IS EARTH the only place in the universe where life exists or has existed? Perhaps not.

A few days ago, the Mars curiosity rover, a very sophisticated remote-controlled roving laboratory, drilled into some rocks and found organic molecules.

On their own, these chemicals don’t prove that there was (or perhaps may still be) life on Mars, but the evidence is mounting. As a planet, Mars has fascinated the scientific and creative among us for thousands of years.

Mars is unmistakeable in the night sky, with its shimmering reddish tinge. As the fourth rock from the sun, it’s one of our closest neighbours.

It has a thin atmosphere, too thin to support human life, but there is abundant evidence that at one time it had liquid water creating many surface features in the rocks that we see on earth; old, dried up water channels, valleys created by ancient rivers and signs of erosion.

Just like Earth it has polar ice caps.

Conditions for life on Mars were at one time favourable. All of this means it’s very plausible that Mars could have been a planet that harboured life at one time.

Mars is about half the size of earth and a Martian day lasts about 40 minutes longer than our day. Its orbit around the sun is much longer.

A Martian year lasts for nearly two earth years.

Many ancient civilisations from the Chinese to the Sumerians observed and commented on Mars. To the Sumerians Mars represented the God of War. The Chinese called it the “fire star”. Galileo was the first person to observe Mars through a telescope in 1610 and the Dutch astronomer, Christiaan Huygens, was the first person to map the surface of Mars in 1659.

Mars took on a whole new significance in 1877 when the Italian astronomer Giovanni Schiaparelli drew what he called “canali” or canals on a new map of Mars. Canals on earth are human constructions. Could Martian canals be the product of alien life forms?

Scientists were split – some believed they proved Mars was inhabited by an advanced civilisation. Astronomers, like Percival Lowell the famous American astronomer, also claimed to see the canals and much more besides – seas and areas of vegetation.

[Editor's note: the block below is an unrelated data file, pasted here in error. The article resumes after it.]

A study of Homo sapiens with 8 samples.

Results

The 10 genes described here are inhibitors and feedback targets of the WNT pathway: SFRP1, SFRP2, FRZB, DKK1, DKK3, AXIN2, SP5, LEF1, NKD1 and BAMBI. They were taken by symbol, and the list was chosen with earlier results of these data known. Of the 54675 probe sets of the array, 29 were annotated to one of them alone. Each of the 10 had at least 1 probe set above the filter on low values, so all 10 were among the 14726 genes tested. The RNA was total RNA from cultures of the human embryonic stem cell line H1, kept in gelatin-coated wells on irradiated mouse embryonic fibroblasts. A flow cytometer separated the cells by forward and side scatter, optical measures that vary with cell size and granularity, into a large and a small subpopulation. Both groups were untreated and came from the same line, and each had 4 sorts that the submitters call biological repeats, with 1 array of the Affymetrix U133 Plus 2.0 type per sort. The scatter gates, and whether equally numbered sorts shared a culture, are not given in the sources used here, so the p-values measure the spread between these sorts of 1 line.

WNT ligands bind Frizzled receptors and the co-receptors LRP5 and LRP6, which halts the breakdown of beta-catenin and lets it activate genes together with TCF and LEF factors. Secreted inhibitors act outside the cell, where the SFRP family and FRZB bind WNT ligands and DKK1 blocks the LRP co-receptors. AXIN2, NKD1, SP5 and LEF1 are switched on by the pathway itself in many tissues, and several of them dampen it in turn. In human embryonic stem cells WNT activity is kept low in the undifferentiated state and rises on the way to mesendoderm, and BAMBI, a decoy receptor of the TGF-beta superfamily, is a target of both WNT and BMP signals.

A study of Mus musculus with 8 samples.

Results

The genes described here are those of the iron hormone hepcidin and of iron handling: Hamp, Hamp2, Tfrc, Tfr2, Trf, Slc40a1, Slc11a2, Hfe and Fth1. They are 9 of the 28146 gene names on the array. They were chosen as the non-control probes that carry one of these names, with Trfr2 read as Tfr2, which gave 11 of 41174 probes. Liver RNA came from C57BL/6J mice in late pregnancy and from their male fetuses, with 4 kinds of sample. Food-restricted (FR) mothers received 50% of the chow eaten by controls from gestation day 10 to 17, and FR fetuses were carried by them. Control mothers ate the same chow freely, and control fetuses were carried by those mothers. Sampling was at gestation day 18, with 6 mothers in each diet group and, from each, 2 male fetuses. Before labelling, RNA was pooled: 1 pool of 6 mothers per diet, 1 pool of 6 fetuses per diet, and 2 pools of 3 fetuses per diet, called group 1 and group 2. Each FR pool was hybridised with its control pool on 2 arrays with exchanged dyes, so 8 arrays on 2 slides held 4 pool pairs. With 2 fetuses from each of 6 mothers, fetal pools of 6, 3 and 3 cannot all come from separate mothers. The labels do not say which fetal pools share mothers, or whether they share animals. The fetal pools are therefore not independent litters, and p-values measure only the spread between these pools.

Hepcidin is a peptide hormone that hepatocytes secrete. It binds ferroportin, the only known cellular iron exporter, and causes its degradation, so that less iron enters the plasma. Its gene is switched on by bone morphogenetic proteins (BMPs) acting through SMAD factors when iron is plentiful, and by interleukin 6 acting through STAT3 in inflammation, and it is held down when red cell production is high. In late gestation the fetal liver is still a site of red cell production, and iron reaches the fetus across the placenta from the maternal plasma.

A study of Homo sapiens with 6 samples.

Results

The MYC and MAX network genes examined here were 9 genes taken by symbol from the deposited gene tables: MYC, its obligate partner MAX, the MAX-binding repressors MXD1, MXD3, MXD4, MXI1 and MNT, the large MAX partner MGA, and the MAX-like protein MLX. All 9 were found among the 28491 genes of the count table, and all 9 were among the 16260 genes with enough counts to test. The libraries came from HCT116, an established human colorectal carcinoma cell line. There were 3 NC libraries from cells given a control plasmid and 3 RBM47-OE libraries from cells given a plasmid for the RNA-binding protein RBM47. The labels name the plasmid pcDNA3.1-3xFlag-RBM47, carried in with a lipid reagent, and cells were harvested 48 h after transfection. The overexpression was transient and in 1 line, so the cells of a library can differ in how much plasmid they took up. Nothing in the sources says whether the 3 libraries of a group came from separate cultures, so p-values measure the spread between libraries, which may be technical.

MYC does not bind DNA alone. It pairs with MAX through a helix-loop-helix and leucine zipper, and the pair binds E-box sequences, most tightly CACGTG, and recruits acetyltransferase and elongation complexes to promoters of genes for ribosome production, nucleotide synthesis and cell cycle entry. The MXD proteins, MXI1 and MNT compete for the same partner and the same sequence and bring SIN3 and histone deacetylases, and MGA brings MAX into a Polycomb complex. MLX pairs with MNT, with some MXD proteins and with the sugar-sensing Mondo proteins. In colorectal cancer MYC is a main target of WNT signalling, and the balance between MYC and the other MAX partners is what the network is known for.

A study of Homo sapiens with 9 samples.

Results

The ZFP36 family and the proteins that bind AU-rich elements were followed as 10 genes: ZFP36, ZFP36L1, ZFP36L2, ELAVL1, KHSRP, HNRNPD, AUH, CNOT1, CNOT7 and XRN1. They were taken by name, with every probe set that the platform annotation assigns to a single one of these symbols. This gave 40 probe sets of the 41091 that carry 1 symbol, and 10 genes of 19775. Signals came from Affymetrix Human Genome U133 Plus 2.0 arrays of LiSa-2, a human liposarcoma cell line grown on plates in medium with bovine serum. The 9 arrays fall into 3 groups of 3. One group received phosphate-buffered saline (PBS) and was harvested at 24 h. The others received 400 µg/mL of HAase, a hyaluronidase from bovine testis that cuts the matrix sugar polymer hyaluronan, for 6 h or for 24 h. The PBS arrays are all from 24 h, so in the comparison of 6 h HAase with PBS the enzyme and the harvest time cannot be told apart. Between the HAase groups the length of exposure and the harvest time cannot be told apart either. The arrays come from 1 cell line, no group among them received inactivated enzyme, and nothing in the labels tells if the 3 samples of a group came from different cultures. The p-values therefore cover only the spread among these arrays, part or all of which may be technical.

Physicist Nikolas Tesla claimed he had detected radio signals from Mars.

Others claimed that a beam of light had been detected that originated on Mars. Mars fever was at its height at the turn of the 20th Century. Sadly, the canals are not real – what Schiaparelli saw was an optical illusion.

Such was the notoriety of the “scientific” claims about Martian civilisations, it’s not surprising that stories about them contacting, invading or simply communicating with us became commonplace.

One of the earliest pieces of recorded science fiction written in the 17th and 18th Century involves stories of beings from Mars contacting the people of Earth. The most famous science fiction story based on Mars is “War of the Worlds” by HG Wells, published in 1898. In this terrifying tale Martians in huge battle-ready tripods invade earth – determined to kill and conquer us.

Wells was a science teacher who used his knowledge and understanding of life to combine fact and fiction, creating a terrifying tale. In 1938 Orson Welles, the celebrated actor and film director, generated real-life hysteria in the US when his radio play, based on Welles’s story, was broadcast as live as “breaking news”. This was “fake news” at its best and worst.

In 1976, people were very excited when a Mars orbiter took photographs of the surface that revealed a giant face carved onto surface rocks. The idea of ancient civilisations on Mars had a brief resurgence, but alas it was no more than a trick of the light.

In the mid-1980s another startling revelation once more raised the prospect of the possibility of life on Mars.

A meteorite, found in Antarctica, appeared to show evidence of fossilised bacteria. To this day the scientists still argue if these structures show traces of ancient life on Mars.

Our fascination with the red planet, along with its proximity and similarity to earth means that to date we’ve sent 45 space missions to Mars. Many failed, but four rovers that roam the surface of Mars have been successfully deployed to gather and send back information.

This includes data that shows rising and falling levels of methane – often associated with life – changing with the Martian seasons.

When we look at all the known, verifiable scientific evidence from the presence of methane, water, organic molecules to the possibility of fossilised microbes, then the probability that life once existed on Mars increases. To be honest, given the vastness of the universe, it’s very unlikely that we are alone.